Many Cambodian youths have jumped into activities that improve their quality of life, and a growing number of these students are choosing sports, which provide good health and an opportunity to form strong relationships with others.
At Cambodia’s schools and universities there are a number of sports programmes getting started, both formal and informal, that give students a chance to play away.
Football is certainly not new to Cambodia; it has been around in some form for hundreds of years and is widely considered the most popular sport in the world.
To encourage students, the director of the Royal University of Phnom Penh and other supporters have been organising football matches at the university.
This year, there were 12 football teams from different departments that competed for the school championship. The matches started on February 20 and finished last Saturday.
In the final match, players from the Department of Japanese Studies (DJS) and the Department of Media and Communication (DMC) squared off with those from the Department of Khmer Literature in front of a crowd of students and lecturers.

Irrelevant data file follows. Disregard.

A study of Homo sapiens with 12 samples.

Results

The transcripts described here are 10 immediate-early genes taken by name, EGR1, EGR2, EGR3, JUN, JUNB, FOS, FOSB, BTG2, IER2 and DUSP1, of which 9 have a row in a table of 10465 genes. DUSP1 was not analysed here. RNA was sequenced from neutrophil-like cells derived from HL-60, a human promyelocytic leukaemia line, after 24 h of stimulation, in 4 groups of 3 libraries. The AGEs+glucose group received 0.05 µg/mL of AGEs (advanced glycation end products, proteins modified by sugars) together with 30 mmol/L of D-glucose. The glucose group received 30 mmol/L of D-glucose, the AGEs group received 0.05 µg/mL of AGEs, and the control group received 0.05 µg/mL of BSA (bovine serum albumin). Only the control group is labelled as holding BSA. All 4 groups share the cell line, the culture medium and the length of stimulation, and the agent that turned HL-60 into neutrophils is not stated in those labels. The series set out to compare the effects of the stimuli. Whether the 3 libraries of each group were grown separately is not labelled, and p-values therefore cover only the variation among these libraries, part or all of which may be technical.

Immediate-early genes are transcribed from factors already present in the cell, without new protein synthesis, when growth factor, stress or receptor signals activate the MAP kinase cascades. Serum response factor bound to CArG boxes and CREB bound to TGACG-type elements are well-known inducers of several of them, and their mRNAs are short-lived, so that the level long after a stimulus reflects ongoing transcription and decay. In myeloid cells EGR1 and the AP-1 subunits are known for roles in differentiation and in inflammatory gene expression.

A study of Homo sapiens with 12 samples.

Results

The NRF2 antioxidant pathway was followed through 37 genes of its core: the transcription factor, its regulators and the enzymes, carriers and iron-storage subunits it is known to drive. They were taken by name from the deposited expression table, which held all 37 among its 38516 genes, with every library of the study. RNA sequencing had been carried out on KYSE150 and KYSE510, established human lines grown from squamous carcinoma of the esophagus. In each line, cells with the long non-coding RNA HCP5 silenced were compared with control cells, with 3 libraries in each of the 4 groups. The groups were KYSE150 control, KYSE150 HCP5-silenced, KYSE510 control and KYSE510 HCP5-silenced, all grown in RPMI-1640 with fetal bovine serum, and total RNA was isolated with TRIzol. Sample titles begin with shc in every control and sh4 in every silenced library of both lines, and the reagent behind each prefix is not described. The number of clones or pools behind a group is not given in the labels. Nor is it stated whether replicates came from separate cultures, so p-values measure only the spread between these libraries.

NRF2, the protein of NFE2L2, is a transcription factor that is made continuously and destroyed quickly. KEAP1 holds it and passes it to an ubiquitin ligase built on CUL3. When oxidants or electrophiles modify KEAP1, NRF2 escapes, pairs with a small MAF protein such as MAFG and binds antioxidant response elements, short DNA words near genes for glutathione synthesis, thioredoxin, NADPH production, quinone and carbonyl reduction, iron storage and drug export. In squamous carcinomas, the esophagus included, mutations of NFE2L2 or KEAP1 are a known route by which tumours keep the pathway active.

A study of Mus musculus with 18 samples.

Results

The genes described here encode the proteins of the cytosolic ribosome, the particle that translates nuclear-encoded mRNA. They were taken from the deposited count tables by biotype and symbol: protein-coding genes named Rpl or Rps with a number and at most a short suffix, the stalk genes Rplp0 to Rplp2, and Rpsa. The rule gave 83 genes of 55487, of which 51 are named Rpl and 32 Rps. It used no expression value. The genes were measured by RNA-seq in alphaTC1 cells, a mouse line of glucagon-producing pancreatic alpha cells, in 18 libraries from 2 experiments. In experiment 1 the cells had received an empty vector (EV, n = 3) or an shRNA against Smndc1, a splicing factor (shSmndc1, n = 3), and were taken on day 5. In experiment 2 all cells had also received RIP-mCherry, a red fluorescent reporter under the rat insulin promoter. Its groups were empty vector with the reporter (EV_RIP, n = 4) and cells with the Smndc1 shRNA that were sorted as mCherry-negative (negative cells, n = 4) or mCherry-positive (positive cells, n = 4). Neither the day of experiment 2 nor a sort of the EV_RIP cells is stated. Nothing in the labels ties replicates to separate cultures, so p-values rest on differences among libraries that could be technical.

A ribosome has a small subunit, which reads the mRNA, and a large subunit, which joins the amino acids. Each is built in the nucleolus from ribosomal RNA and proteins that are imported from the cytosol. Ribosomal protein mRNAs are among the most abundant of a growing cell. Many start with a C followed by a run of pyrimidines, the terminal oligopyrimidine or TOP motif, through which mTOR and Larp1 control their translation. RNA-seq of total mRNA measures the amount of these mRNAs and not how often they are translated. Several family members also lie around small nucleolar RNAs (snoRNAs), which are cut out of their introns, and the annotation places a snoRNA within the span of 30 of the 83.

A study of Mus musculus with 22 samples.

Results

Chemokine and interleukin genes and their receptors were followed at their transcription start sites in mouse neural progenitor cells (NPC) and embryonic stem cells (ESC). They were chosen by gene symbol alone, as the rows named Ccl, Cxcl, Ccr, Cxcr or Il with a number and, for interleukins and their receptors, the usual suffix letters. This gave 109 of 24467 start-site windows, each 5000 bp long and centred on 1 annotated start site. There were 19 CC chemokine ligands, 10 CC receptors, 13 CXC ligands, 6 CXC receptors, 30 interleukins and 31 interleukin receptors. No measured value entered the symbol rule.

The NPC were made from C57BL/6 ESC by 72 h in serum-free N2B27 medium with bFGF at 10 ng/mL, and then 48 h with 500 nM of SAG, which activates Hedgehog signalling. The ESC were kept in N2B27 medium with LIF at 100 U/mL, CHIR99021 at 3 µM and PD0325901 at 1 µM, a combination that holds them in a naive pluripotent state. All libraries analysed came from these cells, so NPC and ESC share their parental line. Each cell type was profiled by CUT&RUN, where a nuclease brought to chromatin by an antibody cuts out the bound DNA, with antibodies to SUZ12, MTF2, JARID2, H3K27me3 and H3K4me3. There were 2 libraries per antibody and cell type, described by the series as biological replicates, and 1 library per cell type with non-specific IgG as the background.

The competition was heated, and in the end the DJS and DMC prevailed, winning their first championship game. Thea Rath Panha, a fourth-year student in the DJS and the team captain of the winning squad, said victory was theirs because “we strengthened our team by uniting our members and assigning them to play in the proper place”.
The director of the DMC, Tieng Sopheak Vichea, said, “We are very satisfied with this result because it is the product of our hard work and our unity, and I will have a small party for them as a reward.”
This event showcased the high level of cooperation between schools and their students, both present and those who have already finished their studies, said Pon Chhay, RUPP’s deputy director.
“These matches are sponsored by some private companies and especially by the students from each department,” Pon Chhay said. “Some of them have graduated, yet still they help one another.”
While the competition is over for RUPP, student footballers still have plenty of chances to hone their skills on the pitch.
“The competition is not finished yet. The MoEYS [Ministry of Education, Youth and Sport] is going to form the national tournament in early June of this year”, Pon Chhay said.